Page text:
The Four Seasons. Just the name of the popular 1960’s pop-group drums up images of fast cars, slicked-back hair, and soda fountains; iconic pieces of Americana lost to a simpler, bygone era. Director Clint Eastwood’s Jersey Boys, a big-screen adaptation of the Broadway play, looks to capitalize on those fond memories by telling the story of the rise and fall of what was considered to be the most popular rock band of the pre-Beatles era. Critics, however, are singing a different tune.
Jersey Boys opens in theaters nationwide today (6/20), but the movie isn’t being well-received by critics. USA Today‘s Claudia Puig opened her review by saying “The catchy hits by The Four Seasons are indelible, but Jersey Boys, the drab movie based on the Broadway musical about those tunes, is sadly forgettable.” She later states that the movie “comes off like a slightly edgier, more harmonic episode of Happy Days.”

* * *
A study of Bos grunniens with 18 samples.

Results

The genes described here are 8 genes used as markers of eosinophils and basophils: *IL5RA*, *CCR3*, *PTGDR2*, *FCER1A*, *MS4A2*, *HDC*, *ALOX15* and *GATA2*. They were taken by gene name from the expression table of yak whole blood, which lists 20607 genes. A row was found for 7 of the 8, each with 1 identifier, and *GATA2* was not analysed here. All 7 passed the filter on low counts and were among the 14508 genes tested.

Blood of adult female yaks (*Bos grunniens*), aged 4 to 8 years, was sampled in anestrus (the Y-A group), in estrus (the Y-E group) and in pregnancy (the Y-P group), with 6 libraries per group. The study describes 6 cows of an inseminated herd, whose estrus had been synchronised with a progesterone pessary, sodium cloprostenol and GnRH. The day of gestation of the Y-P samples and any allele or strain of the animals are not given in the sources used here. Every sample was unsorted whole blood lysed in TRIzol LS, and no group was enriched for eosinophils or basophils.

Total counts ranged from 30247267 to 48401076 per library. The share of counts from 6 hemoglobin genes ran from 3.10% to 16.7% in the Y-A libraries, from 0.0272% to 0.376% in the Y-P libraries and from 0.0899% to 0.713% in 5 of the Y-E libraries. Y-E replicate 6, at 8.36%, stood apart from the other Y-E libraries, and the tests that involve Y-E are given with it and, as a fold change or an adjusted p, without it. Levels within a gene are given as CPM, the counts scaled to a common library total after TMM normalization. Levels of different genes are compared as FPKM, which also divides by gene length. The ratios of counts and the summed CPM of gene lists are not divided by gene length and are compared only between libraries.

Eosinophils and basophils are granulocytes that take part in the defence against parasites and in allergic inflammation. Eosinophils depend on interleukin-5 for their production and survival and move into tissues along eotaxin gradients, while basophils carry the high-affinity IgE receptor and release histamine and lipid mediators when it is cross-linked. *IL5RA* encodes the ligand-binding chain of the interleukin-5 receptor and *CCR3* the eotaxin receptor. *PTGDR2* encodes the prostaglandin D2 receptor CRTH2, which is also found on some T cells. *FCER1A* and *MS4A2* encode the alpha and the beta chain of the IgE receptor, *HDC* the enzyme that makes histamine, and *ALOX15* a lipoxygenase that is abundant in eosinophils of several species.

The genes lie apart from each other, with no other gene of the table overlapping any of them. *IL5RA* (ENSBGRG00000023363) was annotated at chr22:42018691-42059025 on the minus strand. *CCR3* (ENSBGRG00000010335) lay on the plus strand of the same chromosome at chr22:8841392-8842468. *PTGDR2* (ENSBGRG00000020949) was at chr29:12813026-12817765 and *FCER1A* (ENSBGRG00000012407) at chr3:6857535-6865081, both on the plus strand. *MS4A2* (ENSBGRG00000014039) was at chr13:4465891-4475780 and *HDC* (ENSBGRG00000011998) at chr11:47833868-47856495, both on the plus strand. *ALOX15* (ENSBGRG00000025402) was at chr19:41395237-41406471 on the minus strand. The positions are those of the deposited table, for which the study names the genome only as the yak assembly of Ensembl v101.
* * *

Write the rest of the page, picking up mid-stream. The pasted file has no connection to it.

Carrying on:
Michael Phillips of the Chicago Tribune states that the film “labors under a case of directorial miscasting” and calls it “uncertainly stylized… with a drab sense of atmosphere at odds with the material’s punchy theatrics.”
Ouch! The reviews are definitely not kind for this jukebox tuner, but one thing that all the critics seem to agree on is the unbeatable magic of the music itself.
Fronted by the legendary Frankie Valley, The Four Seasons skyrocketed to stardom in the 1960’s with Valley’s instantly recognizable and unapologetically falsetto tones leading the charge and setting the group apart from musical rivals such as The Beach Boys. Their unique sound kept them afloat and ensured that they were one of the few American rock groups to survive the British Invasion lead by The Beatles, and in 1990 The Four Seasons were inducted into the Rock and Roll Hall of Fame.
I tend to keep an open mind about movies until I have seen them for myself, regardless of what critics have to say, and Jersey Boys is no different. In my experience movie reviewers tend to be unnecessarily harsh and, at times, almost impossible to please. There’s a reason they’re called “critics,” after all.